Naresh Chandra Committee Report on the Civil Aviation Sector
The Naresh Chandra Committee ("Committee") submitted its report to the Ministry of Civil Aviation on December 8, 2003, suggesting dramatic changes to revitalize the Indian civil aviation sector focusing on privatization, encouraging foreign investment, affordability, viability and safety. The Committee was set up to look into the bottlenecks and problems plaguing the aviation sector. Some of the salient recommendations of the Committee are as follows:
Foreign equity investment for foreign individuals and companies pertaining to both domestic and international scheduled air transport services should be further liberalized to allow upto 49 percent. Investment by foreign airlines should be allowed upto 49 percent with the approval of the Foreign Investment Promotion Board. In all other air services, i.e., non-scheduled services such as helicopter operations, foreign investment, including investment by foreign airlines, should be allowed upto 100 percent.
Liberalization of the international air transport segment to be pursued in a phased manner. In the first phase, private airlines based in India should be allowed to provide international air transport services to and from India. In the next phase, India should actively pursue the objective of complete liberalization of the international air transport segment through (a) seeking more liberal arrangements under the bilaterals; and (b) enhancing full-access to wider market segments by joining a regional or a plurilateral group of countries with a similar agenda of liberalization.
Further liberalization of air-chartered services, specifically, the Committee recommends relaxation of restrictions pertaining to frequency and foreign ownership norms for chartered operators. In addition, tourist charters should be allowed to take Indian Passport holders on board and also to carry a mix of foreign and Indian passengers on domestic tourist circuits.
Removal of requirements regarding fleet size and equity capital to enable easier entry into the aviation sector · Immediate measures to reduce system costs of the civil aviation sector, including allowing airlines to source Aviation Turbine Fuel ("ATF") from the supplier of their choice, improving co-ordination with other ministries such as home affairs and defence.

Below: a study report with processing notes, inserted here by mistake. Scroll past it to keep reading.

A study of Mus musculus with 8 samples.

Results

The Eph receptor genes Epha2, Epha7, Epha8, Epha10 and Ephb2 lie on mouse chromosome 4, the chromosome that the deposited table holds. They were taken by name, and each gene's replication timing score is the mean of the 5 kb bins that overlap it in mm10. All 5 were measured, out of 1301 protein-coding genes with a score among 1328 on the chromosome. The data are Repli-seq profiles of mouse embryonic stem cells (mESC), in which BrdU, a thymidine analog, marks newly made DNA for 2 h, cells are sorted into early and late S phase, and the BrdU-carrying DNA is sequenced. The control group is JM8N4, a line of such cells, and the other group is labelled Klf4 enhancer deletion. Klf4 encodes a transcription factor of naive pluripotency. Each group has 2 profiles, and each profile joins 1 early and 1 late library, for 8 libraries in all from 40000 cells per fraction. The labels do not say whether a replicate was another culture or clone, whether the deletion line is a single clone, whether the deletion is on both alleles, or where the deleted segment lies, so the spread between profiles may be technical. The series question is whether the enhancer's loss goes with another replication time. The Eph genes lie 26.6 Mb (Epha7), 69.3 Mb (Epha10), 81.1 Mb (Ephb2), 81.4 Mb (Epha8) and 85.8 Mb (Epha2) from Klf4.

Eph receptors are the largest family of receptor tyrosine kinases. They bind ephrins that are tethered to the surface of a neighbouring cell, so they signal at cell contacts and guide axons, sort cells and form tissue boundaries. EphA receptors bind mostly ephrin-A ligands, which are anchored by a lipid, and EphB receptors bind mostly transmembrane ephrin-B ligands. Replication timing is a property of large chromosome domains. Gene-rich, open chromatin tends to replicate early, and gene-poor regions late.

Airport charges to be brought down to rates comparable with neighboring South East Asian states and Gulf countries.
Lower excise duty and sales tax on ATF and abolish import duty and sales tax on AVGAS (fuel for trainer aircraft at flying clubs). Other aviation related taxes and fees such as Inland Air Travel Tax, Foreign Travel Tax and Passenger Service Fee maybe replaced with a single lower ad valorem sector-specific cess, at 5 percent of the airfare. Further, there should be parity in taxes on ATF and reduction in route navigation and landing charges for aircrafts with certified maximum seating capacity of less than 80.
Liberalized airports should be allowed to come up irrespective of proximity to existing airports. However the state and central governments should refrain from offering concessions and subsidies to these airports.
Abolition of route dispersal guidelines in the domestic travel segment. Simultaneously the government should set up a non-lapsable Essential Air Services Fund to provide explicit subsidy support, congruent with the quantum of funds available, to essential but uneconomical services, including commercially unviable airports.
Privatization of the national carriers - Indian Airlines and Air India - along with the airports in India. In the case of the former, it is recommended that a consortium of domestic financial institutions and foreign institutional investors be created, who would hold the shares of the two national carriers. In the case of the latter, relaxation of the qualification criteria for bidding so as to broaden the number of competent bidders has been proposed.
Disinvestment of Pawan Hans Helicopters Limited, the State-owned helicopter charter service provider, by inducting a strategic partner and, thereafter, go in for an Initial Public Offer.
Privatisation of existing airports and private sector participation in Greenfield projects.
Due to increased privatization and the potential abuse of monopoly power by the airport operators, the responsibility of ensuring appropriate levels of regulation should be vested with the proposed Aviation Economic Regulatory Authority ("AERA").
Safety regulation of Air Traffic Control Corporation ("ATC Corporation") should be under the purview of the Directorate General of Civil Aviation. In order to contain potential abuse of monopoly power, the ATC Corporation should also be regulated by the proposed AERA.
Segments of airports and ATC services, which have natural monopoly or "common user/carrier" characteristics, should be subjected to independent economic regulation by the proposed AERA. The Committee also suggests that the AERA should use a light-handed approach such as multi-year price-cap regulation. In line with this, the Committee recommends establishment of AERA as a single-member entity, supported by appropriate technical staff. As the sector develops, the regulator should gradually withdraw from supervision and cede oversight of anti-competitive practices to the Competition Commission of India.